Sunday, 14 September 2008

Pangbourne to Reading Bridge (Berkshire Way 9)

Whitchurch Bridge from Pangbourne Meadows

Stage 9 of the BBC's Berkshire Way runs from the centre of Pangbourne to Reading bridge, so at last it was possible to leave one car at Reading station and take a 10 minute train ride to Pangbourne. The seven mile route joins the Thames at Pangbourne meadows, with Whitchurch bridge to the left (more on the bridge below).

Pangbourne Meadows

The walk is then in three distinct stages. The first follows a series of meadows becoming progressively more rural, with lovely hilly country on the opposite (South Oxfordshire) bank of the river. This was one of the most populated sections of the walk, more so even than the Ridgeway. After a while there is a view of the Tudor Hardwick House on the opposite side and then you reach Mapledurham lock with Mapledurham House largely invisible on the opposite bank. Apparently it has been claimed that both houses were the inspiration for EH Shepard's illustrations for Toad Hall in the Wind in the Willows.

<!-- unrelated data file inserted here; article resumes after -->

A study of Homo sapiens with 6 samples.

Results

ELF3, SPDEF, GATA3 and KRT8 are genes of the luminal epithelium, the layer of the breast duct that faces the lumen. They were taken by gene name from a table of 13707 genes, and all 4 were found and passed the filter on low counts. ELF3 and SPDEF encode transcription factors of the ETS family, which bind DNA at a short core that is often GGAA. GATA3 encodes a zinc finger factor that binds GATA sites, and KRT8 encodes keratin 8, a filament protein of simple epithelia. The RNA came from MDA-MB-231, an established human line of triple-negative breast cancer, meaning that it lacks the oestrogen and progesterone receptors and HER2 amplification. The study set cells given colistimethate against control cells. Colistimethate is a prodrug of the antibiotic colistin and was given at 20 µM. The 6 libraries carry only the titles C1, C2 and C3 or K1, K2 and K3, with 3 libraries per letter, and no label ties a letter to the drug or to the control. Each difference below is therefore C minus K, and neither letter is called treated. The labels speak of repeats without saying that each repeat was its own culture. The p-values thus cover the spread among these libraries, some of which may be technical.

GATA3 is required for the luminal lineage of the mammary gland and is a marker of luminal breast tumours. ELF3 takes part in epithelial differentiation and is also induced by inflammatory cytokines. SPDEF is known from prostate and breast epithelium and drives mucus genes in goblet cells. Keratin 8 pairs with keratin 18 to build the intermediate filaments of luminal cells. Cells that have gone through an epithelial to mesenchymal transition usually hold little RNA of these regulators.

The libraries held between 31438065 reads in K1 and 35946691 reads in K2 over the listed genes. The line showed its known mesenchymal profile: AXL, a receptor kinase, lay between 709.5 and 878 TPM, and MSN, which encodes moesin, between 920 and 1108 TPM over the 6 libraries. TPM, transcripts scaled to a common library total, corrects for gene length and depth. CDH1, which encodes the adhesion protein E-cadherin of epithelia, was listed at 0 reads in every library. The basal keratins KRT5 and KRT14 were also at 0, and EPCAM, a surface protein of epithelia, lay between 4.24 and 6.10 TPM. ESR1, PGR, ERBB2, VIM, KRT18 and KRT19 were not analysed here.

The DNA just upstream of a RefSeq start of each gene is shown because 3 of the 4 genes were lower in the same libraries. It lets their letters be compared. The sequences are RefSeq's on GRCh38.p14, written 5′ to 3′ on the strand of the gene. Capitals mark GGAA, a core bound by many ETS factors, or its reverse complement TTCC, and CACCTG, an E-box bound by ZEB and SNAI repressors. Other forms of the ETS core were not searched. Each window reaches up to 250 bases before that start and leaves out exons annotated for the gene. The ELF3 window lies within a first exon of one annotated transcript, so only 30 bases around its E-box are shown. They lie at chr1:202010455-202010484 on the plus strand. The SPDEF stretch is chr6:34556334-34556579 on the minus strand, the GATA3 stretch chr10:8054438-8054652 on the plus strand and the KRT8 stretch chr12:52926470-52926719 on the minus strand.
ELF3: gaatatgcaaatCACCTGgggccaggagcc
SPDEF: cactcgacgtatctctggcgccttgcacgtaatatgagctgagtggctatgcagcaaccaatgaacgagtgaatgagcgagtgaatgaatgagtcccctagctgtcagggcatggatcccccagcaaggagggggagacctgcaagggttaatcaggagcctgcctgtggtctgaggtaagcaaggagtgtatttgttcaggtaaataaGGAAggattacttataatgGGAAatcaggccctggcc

On reaching Mapledurham lock, the second stage of the walk begins: you head away from the river and cross the heavily built up area of Purley. This was inevitably the least enjoyable part of the walk and to make it worse I misread the directions and condemned us to an extra mile of subrban streets.

After escaping from Purley the route rejoins the Thames at the very edge of Reading and follows the river all the way from there. It eventually reaches the Thameside promenade at Caversham bridge, with its hordes of swans and geese responding enthusiastically to donations of bread.

Caversham Bridge

The final section to Reading bridge, the more interesting of the town's two bridges, is more built up. Turning right at the bridge brings you the back entrance to the station.

Reading Bridge

Rating: three stars. Lovely at the beginning, but the middle section and much of the final one weren't much fun.

-->Explorer 159 (Reading, Wokingham & Pangbourne).


A cormorant sitting imposingly on the top of a tree, although not this time drying its wings.

Many riverside properties have a boat house of some sort, but we particularly liked this thatched one.

Whitchurch Bridge

The bridge dates from the late 18th century and was built after an Act of Parliament of 1792 promoted by enterprising locals which gave powers to construct a toll bridge to replace the existing ferry. The original bridge was wooden and had to be replaced by a further wooden bridge in 1852-53. The present iron bridge dates from 1902, but it too is approaching the end of its life and a reconstruction is planned for 2013. Full information about the bridge can be found on the website of the Whitchurch Bridge company. The current toll for most cars is 20p.